Midnight Hour

War turns time into the house of the dead. It is a night wherein you solace others, when your own grief is becoming inconsolable unnoticed.
Representational Pic
Representational Pic

 For us there is only one season, the season of sorrow. The very sun and moon seem taken from us.

—Oscar Wilde; in a letter, De profundis. 

What the dead leave behind is a personal archaeology. There is some history in that, a memory of an absence that lasts longer than a day and night, that lasts longer than many days and nights. We are all carrying the same history of absence we all dwell upon, yet die upon.

There are types, gentleman. Some tragedies are not explained. You even don't know how to mourn them. You seek for places in the heart to bury them there. But as you begin the search, the heart already seems to crumble.

News is disturbing. Discolored, collecting this broken world inside its bloody circlet. The nights are long, marching to eternities. Such nights are only possible when your lot is the most hexed on the planet. Kashmir is burning. Each family has woven a dense fabric of stories. They wait on the crossroads to put open this textile. But, nobody stops. Strangers look, grunt & walk away. Which is another cut on an already scathing scar.

The gazettes carry the wounded eyes & broken hearts, our news. Reaching the margin of this dark news, we only gather the tuft of stories & skeletons in our arms. Broken skeletons. Some limbless. Some toothless. They seem less of humans than of broken up logs. Only their ID-cards say they are former, our own. War is a killing machine, gentleman. A girdling wheel that grinds men, leaves only their unrecognizable remnants behind. You can't collect these leavings, give any finish to them. You just have to mourn & mourn, survive upon them…. for life is a 'residual phenomenon'. Life is something we have to live in the presence of things that are no longer there. Like wax from a burnt candle or ash from a fire. Things that environ us & trap us in the past. A past of places & people.  Our life is this residue this wheel leaves. It is a memory. Yet, also an eternal cloth of grief we have to wear.

War turns time into the house of the dead. It is a night wherein you solace others, when your own grief is becoming inconsolable unnoticed. It creates a noise that sometimes flits over a realm of common human understanding. Yet, fortunate are those who don't understand it. Clarity, in the circumstances like that of in Kashmir, is the hardest thing of all. As said by Kant contextually, " He who increasth knowledge, increasth pain". So, let the obscurity project itself in the middle of Kashmir. So that, at least, some lives breathe. Those who know, will perish today or tomorrow.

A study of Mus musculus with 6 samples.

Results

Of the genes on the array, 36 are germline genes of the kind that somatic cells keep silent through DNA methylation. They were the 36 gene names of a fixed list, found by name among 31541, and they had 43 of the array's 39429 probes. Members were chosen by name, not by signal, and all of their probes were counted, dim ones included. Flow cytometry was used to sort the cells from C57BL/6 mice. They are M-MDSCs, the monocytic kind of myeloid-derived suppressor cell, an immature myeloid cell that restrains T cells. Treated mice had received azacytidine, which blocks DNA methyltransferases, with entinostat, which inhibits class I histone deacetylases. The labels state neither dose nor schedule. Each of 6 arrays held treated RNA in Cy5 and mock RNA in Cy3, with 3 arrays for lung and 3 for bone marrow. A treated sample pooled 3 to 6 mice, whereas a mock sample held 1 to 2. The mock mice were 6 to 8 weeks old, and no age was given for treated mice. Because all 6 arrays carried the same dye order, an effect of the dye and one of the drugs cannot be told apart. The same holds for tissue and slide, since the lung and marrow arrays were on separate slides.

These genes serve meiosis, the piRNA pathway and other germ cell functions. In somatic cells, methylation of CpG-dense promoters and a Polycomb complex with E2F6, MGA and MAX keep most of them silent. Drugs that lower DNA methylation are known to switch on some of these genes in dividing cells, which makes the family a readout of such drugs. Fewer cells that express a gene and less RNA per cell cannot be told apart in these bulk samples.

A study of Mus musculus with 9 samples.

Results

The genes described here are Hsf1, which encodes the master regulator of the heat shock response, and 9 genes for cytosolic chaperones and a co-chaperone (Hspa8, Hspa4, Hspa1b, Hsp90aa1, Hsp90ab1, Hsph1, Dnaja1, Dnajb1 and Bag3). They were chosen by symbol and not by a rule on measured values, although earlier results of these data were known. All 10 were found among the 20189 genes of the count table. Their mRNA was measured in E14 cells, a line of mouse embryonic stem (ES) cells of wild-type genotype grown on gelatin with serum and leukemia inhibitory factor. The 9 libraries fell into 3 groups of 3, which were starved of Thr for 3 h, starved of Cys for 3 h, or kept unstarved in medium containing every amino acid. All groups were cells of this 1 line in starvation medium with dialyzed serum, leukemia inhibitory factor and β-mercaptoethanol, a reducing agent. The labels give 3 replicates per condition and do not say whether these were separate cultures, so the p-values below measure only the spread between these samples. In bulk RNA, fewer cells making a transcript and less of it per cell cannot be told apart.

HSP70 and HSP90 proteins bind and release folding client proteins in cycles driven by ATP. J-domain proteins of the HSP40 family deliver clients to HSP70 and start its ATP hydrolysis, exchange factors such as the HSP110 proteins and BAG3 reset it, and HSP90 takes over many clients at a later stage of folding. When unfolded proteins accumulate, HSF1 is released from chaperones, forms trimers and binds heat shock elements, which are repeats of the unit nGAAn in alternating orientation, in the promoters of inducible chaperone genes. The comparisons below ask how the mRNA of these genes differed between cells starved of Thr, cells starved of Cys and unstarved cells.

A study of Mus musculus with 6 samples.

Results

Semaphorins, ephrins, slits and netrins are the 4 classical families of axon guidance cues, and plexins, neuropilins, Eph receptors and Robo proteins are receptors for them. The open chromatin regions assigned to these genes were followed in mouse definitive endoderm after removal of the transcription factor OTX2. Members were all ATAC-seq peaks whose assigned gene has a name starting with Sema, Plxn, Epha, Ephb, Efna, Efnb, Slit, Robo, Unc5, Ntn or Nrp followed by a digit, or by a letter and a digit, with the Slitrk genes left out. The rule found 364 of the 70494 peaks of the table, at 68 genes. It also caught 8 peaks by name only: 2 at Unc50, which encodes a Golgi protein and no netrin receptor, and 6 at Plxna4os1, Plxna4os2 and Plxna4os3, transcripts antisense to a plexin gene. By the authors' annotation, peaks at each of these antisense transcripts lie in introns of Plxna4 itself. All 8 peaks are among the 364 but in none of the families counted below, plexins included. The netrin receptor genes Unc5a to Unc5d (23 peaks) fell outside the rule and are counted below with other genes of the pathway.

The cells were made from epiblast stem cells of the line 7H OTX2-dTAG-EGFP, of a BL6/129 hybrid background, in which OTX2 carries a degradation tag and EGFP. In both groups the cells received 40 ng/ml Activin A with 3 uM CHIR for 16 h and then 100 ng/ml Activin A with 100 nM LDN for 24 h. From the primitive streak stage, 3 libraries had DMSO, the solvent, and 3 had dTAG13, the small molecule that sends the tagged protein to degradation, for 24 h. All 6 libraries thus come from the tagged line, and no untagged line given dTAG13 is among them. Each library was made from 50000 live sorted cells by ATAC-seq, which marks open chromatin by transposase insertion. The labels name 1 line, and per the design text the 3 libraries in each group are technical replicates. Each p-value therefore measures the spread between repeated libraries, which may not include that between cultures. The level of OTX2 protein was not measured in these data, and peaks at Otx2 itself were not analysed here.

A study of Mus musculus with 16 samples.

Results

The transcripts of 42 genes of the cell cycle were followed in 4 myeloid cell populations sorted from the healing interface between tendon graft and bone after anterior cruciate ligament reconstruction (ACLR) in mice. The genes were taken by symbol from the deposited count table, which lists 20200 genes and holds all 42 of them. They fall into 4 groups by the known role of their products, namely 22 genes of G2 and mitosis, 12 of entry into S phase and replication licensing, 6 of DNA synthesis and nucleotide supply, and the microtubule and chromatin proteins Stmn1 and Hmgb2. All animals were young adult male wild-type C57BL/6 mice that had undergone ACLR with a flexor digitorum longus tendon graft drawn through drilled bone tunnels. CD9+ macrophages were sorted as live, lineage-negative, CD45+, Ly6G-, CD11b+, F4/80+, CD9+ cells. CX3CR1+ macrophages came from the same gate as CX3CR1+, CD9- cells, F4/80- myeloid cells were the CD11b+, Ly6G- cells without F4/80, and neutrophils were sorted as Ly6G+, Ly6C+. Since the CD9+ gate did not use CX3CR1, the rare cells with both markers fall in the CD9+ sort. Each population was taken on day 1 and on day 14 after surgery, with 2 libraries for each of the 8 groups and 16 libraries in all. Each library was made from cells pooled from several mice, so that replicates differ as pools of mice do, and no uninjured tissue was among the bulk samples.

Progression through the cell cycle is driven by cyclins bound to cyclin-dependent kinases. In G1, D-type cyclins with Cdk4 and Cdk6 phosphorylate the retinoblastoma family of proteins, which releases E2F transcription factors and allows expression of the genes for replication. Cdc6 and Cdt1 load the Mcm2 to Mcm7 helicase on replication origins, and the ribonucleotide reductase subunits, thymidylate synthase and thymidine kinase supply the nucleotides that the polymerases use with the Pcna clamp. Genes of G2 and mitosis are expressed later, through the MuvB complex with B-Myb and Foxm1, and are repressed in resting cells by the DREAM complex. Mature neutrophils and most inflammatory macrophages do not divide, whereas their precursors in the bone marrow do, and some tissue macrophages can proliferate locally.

You see gentleman, Kashmir is not looking beautiful, if it's not burning. Embers are the elements & signs of paradise. The scattered souls are its estate. The ashes are our meadows, & death intimate. We are out of run with life. Romanian essayist, Emil ciaron, echoes our tragedy " We are dying since the beginning of the time, yet death still has not lost its newness". Everything has shrunken into a midnight hour, dark & silent— the most mortal combination in the nature.

After all, how many graves we have to dig? How many nerves we have to cut? Would that you stare deep into this land, you will see less stones, more memories already inside it. Let me mourn these insides of this land. Let me give a yowl for them that will bang for eternities on end. But, i don't how to let out this cry & break the frozen sea of silence about me. Within me.

Grief surges like a flood from house to house. It weeds everything sublime upon its surface. Kashmir sinks. The racket of the waves drown the moan of the people sinking. The mothers are weeping the tears. Each drop has a deep river inside it. River of longing & suffering.

I look at a starless sky. The space is dark like a dungeon, telling a sad story. I have no idea why am i looking skyward. Yes, i don't exist in my consciousness, but in the shroud these growing callants round me have worn. The pain is cut in silvers across my soul. No tears well in my eyes, though. I don't know how to mourn.